Were Garfield a human being, we would not hesitate to read this incident, in which Garfield strips a 3-year-old child to his underwear and leaves him standing in a snowbank, as cruel at best, sexual-assulty at worst. This is one of the many advantages of Garfield's constantly shifting blur between cat, anthropomorphized cat, and cat-in-name-only.
Because of Davis' cartooning style, in which everything is mildly grotesque, we always have to take characters at their word when it comes to aesthetic evaluation. Jon's looks, for example, are regularly evaluated as somewhere in the spectrum of plain to unappealing, but he's drawn essentially the same as world class hottie Liz; that these assessments are often made by the spiteful and rude Garfield does not make them easier to parse. We take it as a given that Garfield is morbidly obese, but from the physical evidence, he does not appear out of the ordinary next to, say, Nermal. This is an interesting phenomenon/ problem for cartoonists with a penchant for exaggerated, hideous stylization, from Don Martin to Kaz to Jim Davis. When a gag requires a character or object to immediately read as ugly or tasteless, the art has to go an extra mile... a sprint of which Garfield is perfectly capable. Witness the character design of Greta the pet sitter only last week.
So the "stupidity" of the boy's outfit in today's strip doesn't even register. No clothing ensemble is particularly fashionable or flattering in Garfield, so as with the case of Jon's bad taste in evening wear, the kid's outfit requires additional cues in dialogue/ reaction, etc. We get no such help until the far right of the final panel. The strip's focus clearly isn't on the kid's fashion crimes as Garfield perceives them, on the kid's hypocrisy, or really his comeuppance for calculated rudeness to animals. The core of the strip is a burgeoning little bully mistakenly trying to tango with a grandmaster. Garfield bats not an eye as he goes way, way past the point of eye-for-an-eye in return of a child's meaningless insult. He lays something else bare, besides the child's vulnerable white underbelly: Garfield cares about what this idiot thinks. And he cares that his art has been attacked, even if he has to destroy it to refute the criticism. And he cannot resist striking the kid out when he steps up to the plate, even though the lad's hopelessly outmatched, because it's a bullying contest, and that's what bullies do. When everyone's an asshole, the biggest asshole may win, but he's still an asshole.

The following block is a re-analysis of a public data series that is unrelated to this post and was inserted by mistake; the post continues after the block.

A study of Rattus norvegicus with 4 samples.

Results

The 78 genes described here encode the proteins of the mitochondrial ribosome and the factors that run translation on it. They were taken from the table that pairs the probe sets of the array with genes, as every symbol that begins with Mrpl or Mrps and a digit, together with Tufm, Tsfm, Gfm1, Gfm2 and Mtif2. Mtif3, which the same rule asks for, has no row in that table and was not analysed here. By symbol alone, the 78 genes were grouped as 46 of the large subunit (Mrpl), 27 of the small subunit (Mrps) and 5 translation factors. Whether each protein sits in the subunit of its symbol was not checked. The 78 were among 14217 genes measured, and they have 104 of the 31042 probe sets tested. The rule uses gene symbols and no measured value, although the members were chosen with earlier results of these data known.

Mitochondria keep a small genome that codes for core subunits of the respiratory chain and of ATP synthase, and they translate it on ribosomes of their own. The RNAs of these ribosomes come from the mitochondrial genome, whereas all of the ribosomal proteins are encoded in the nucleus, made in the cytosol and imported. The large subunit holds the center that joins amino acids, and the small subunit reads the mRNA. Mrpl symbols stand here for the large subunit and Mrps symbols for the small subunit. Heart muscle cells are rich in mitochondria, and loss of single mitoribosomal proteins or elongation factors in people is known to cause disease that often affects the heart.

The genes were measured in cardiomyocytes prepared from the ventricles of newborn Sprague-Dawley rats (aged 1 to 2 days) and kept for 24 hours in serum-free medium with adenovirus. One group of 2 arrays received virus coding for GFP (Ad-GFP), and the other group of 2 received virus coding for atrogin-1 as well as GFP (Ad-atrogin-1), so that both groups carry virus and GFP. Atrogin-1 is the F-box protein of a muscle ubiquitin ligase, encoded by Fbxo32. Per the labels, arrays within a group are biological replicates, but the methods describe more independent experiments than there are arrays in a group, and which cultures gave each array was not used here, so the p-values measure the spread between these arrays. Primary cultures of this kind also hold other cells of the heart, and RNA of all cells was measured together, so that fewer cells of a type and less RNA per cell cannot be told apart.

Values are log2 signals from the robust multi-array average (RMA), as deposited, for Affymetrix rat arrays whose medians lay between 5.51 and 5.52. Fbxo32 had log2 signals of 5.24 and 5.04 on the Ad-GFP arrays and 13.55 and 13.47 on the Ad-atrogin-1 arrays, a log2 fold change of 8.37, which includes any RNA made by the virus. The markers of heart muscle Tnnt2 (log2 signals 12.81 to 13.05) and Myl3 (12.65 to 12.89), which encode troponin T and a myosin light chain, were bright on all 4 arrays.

I humbly submit that both combatants in this battle of insults are slightly wrong, as any tiny cat-crafted snowman is not going to be "stupid" but rather "adorable", and with the little outfit, it would be just precious. Not that these things can't happen, but there must've been a heavy surprise snowfall overnight, since spring was in full bloom only yesterday.
"Tango with a grandmaster" officially marks PerMon's first glaringly mixed metaphor of 2008.